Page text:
Egypt reforms civil service to attract investment

Egypt reforms civil service to attract investment

With bloated government weighing the country down, Egypt attempts to reform the civil service in order to attract much needed foreign investment.

The rampant fall of Egypt’s foreign reserves, which now stand at approximately 16.4 billion dollars, was largely due to years of political turmoil that have led to a sluggish economy and a shrinking tourism sector, and thus the country’s inability to attract dollars.

In fact, just last week the Central Bank was forced to let the Egyptian pound drop to a record low of 8.03 EGP against the dollar in the face of a surging black market and a rising demand for US backed currency.

While many reasons behind Egypt’s inability to attract investments remain conjectural, others are structural. Law 18 of 2015 on Civil Service, which was recently met with strong resistance, was introduced with the aim of reforming Egypt’s complex business environment and making the public sector more efficient; two crucial elements for gaining investors’ vote of confidence in Egypt’s economy and attracting foreign direct investment.

Structural challenges

As Egypt embarks on a journey to reinvent its economy with an ambitious goal of becoming among the world’s 30 most developed countries within 15 years, a thriving private sector will be crucial for the country’s development.

It is no secret that attracting investment requires sound and transparent business regulation and an efficient public sector.

However, the way Egypt’s public sector is structured today is deterring domestic and foreign investors away. In fact, Egypt is currently ranked 131 out of 189 in ease of doing business, based on a number of World Bank indicators where Egypt ranks relatively low such as starting a business, registering property, paying taxes and resolving insolvency.

Key challenges lay in Egypt’s old and in many cases contradictory legislative framework and its complex administrative process.

Egypt’s large government body employs 6.4 million employees in more than 2,500 departments and executive bodies and 33 ministries. This highly complex organizational structure often results in conflicting and overlapping mandates between ministries, leaving the government inefficient and ranked 167 in the world for government effectiveness.

This complicated regulatory process often traps what could be sources of important revenue to the government. In fact, a recent survey revealed that 50% of informal employers found that formalizing businesses were too burdensome in Egypt.

Reforming the government through a new Civil Service Law

Some have argued that in order to create a more efficient public sector, the government should be run like a business. While such statements often elicit controversy, they cannot simply be disregarded. In fact, the statement is true in some key areas such as the management of employees and the monitoring and evaluation of performance.

In order to tackle the country’s structural challenges, the Government of Egypt introduced a new Civil Service Law aimed at reforming the public sector and sending a strong signal to investors and businesses.

The public sector has, until now, been regulated by legislation that is more than 37 years old. This law has for years made the government a safe haven for employees who seek jobs in order to secure lifetime employment, seniority-based promotion and guaranteed pensions.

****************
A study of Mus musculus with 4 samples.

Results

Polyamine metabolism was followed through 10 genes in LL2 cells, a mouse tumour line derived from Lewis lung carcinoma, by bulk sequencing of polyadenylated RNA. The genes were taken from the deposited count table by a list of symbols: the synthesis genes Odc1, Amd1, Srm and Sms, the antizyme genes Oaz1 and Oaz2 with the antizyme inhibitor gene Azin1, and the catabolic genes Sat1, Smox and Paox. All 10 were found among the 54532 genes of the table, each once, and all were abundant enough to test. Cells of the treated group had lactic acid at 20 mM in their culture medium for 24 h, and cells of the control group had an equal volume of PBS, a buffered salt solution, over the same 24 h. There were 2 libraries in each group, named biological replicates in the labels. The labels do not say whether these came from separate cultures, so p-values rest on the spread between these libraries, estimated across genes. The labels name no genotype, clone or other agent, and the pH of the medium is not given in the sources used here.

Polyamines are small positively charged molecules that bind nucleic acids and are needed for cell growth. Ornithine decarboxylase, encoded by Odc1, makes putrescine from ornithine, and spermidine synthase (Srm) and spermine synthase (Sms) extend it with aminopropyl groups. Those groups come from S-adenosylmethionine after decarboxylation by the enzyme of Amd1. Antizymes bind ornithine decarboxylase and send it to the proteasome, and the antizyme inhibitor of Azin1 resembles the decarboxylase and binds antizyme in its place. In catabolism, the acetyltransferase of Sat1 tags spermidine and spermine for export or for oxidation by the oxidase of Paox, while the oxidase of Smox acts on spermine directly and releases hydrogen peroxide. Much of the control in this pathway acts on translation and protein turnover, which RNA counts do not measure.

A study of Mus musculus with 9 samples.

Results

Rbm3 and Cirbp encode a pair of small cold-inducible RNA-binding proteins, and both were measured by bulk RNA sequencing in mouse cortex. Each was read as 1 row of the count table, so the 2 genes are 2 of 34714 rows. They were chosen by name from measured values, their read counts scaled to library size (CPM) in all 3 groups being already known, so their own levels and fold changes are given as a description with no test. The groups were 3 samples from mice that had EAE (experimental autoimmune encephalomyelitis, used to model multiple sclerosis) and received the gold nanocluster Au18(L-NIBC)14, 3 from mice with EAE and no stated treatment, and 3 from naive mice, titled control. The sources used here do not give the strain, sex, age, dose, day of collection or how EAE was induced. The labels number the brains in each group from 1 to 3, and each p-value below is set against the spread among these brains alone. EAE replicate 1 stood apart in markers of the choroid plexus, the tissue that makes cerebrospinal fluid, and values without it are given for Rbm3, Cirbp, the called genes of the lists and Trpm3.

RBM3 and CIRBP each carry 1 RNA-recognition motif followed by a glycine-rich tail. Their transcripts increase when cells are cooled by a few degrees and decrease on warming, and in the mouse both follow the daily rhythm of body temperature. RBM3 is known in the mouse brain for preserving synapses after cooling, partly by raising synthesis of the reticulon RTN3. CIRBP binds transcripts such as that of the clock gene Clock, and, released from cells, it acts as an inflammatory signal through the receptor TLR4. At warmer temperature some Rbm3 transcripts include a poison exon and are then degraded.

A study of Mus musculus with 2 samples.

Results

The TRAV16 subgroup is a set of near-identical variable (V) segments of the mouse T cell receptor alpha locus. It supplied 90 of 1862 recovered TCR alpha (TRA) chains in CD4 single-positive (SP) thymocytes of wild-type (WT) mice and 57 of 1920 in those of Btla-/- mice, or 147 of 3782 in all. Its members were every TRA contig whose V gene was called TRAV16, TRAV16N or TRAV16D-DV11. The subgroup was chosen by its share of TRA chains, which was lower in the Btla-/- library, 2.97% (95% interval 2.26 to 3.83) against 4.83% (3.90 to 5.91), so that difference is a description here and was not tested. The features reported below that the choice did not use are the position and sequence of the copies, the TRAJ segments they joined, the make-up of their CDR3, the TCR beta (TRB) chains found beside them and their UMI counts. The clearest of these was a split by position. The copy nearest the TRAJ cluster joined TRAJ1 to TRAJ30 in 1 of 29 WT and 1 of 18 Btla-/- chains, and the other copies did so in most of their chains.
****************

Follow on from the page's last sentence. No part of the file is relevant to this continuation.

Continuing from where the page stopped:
The new law attempts to regulate this inflation of the public sector through merit-based employment and promotion, as well as extensive training for existing employees in order to enhance their productivity. In fact some anecdotal reports indicate that the average length of productive work performed by a public servant in Egypt is as low as 27 minutes per day.

Moreover, while employees were guaranteed lifetime employment under the old law, the new one extends the period of probation to 6 months with the right to terminate an unqualified candidate after conducting a thorough evaluation in which employees are self-assessed and then assessed by their colleagues and supervisors

These measures, if implemented correctly, would create a transparent business environment and boost investor confidence.

Challenges ahead

Although the new Civil Service Law was promulgated in March, there remain key issues to be resolved before it can be fully effective.

Received with resistance by many government employees, there is still a debate over who will be subject to its provisions and who will not.

Moreover, many details were left to be determined by implementing regulations such as rules for employee training, standards for promotion, incentive systems and tools for the new performance evaluation. While it is normal for detailed provisions to be determined upon implementing regulations, leaving too much open can pave the way for greater deviation and ambiguity.

Furthermore, in order to create genuine structural change, the law still has a long way in gaining public support. Last month, hundreds protested against the law, and particularly the new wage-structure, while many labor unions are currently lobbying against it.

With elections currently underway in Egypt, the fate of the new Civil Service Law will only be determined with the start of the new parliament in early 2016 who will review the law recently introduced by presidential decree.

About Author

Rana Badawi

Rana Badawi currently works as a policy analyst at the Strategic Planning and Policy Division within the Egyptian Ministry of Planning. Her work has been focused on establishing a strategic framework for Public Investment Management in Egypt. Rana graduated from McGill University with a BA in Political Science and Economics. Rana's views and writings are her own.